Last modified on 1 November 2013, at 05:14

Windows XP/Practical Steps

Provide Physical Security for the machineEdit

This is self-evident. To prevent people from using your computer(s), deny them physical access. If you want to limit or monitor computer usage, physically monitor what they are doing with your computer! These simple steps alone can reduce a large number of potential threats.

Disable or Delete Unnecessary UsersEdit

Disable any accounts that are not used. For example always disable the Guest account (disabled by default on brand new computers or a "fresh" Windows XP install).

There are two ways to disable a user in Windows XP.

(a) Start >> Settings >> Control Panel [the control panel window should appear] >> User Accounts [the User Accounts window should appear] in the User accounts window there are two headings: "Pick a Task..." and "or pick an account to change". If you select the user you want to disable under "pick an account to change" new links will appear. Choose "Turn off the [username] account".

(b) Start >> Run... >> Enter "lusrmgr.msc" >> Click "Users" >> Double-click the user you want to disable, check the "Account is Disabled" box and click "Ok".

Additionally it may well be worth renaming the "Administrator" account as this may be targeted in any attempt to breach security or run/install programs. There are two methods.

XP Home Edition XP Professional Edition

At a command prompt type control userpasswords2. Select Administrator and click on Properties. Change the user name, NOT the full name.

  1. Type secpol.msc at a command prompt
  2. Open Local Policies/Security Options
  3. In the details pane, double click Accounts: Rename Administrator Account
  4. Type the new name for the account

Remove Unnecessary Windows ServicesEdit

A service is a privileged program that is loaded on startup and provides some low-level functionality in the background. It can be started and stopped on request (via the Control Panel >> Administrative tools >> Services window).

Unneeded Windows services use up a (small) amount of resources, but may also cause problems. For example, if you do not use TELNET you can disable the service so as to deny other people an opportunity to remotely log on your computer and send commands to it to see what happens.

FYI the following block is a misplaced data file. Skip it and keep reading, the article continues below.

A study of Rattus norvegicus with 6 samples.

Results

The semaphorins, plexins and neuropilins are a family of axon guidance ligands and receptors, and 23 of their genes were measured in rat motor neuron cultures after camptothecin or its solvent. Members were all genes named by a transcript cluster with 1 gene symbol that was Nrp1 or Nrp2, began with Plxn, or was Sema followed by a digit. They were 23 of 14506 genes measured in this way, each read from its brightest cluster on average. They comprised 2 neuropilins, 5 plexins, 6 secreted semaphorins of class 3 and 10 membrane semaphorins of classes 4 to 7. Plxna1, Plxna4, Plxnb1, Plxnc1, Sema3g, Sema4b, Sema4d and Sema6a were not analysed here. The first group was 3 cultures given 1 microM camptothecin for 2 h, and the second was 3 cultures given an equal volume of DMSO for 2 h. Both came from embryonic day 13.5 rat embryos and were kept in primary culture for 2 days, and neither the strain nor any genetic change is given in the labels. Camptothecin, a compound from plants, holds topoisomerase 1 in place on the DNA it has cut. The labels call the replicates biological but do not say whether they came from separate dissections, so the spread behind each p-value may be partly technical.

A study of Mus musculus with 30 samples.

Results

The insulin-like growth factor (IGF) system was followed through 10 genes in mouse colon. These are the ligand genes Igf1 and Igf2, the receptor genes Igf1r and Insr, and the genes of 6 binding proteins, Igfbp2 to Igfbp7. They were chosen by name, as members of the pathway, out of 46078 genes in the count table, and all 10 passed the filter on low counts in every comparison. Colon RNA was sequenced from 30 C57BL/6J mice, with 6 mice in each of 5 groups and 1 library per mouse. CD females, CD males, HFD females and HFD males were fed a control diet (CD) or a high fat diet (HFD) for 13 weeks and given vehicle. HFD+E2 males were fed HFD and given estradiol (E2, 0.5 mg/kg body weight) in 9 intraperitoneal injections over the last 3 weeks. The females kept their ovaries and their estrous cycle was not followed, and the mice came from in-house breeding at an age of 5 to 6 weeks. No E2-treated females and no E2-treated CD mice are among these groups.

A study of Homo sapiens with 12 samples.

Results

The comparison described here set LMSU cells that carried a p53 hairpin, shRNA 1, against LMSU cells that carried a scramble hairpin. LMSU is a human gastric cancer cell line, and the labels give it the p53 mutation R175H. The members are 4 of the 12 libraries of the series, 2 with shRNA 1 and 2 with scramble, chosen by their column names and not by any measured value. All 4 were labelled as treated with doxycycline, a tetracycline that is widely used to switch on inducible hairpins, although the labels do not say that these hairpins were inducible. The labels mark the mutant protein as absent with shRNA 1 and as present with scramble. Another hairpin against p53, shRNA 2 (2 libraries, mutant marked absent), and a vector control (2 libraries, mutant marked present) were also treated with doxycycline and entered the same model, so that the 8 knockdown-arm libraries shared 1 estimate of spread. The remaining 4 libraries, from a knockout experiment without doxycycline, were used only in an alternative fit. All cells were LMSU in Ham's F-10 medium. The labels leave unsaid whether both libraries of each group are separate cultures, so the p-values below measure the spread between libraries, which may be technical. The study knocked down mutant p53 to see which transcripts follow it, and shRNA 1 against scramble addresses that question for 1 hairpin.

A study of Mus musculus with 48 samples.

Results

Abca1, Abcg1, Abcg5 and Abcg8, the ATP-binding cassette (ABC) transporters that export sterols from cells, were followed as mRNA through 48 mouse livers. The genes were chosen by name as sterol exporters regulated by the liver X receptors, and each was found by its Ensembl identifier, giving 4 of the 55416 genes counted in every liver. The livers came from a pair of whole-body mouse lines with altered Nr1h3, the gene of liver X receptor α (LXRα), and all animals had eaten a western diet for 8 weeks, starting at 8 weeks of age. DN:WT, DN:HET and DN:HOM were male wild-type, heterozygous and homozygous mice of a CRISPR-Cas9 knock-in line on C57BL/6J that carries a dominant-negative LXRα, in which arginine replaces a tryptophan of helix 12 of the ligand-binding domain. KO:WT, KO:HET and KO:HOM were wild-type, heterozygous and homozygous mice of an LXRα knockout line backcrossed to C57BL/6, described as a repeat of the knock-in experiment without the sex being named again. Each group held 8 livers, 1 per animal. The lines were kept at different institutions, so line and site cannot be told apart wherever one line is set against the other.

The Windows Messenger service (nothing to do with the popular chat program) is a typical nuisance. It allows you to send/receive messages over a network (using the net send command). The text appears in a dialog box on the target computers' screens. People can thus spam the Internet with annoying messages.

Deactivating unneeded Windows services requires some caution, since stopping the wrong services may render your computer unusable. Be sure of what you're doing. A useful tool in this respect is Starter by Codestuff. This is free and allows you to deal with both Startup items and Services (and links to internet searches for items). While care is needed security can be improved as well as start up time.

To modify services select Start >> Run... >> type "services.msc" and click Run (this is a shortcut). Right click the service you wish to modify in the list to access options such as Disable.

Keep Your OS UpdatedEdit

Security vulnerabilities are continuously discovered and exploited by virus writers and crackers. Microsoft's policy is to regularly release cumulative patches, available on the Windows Update site. Since SP2 Windows also has an Automatic updates feature (to find it right click on My Computer, choose Properties, select the Automatic updates tab).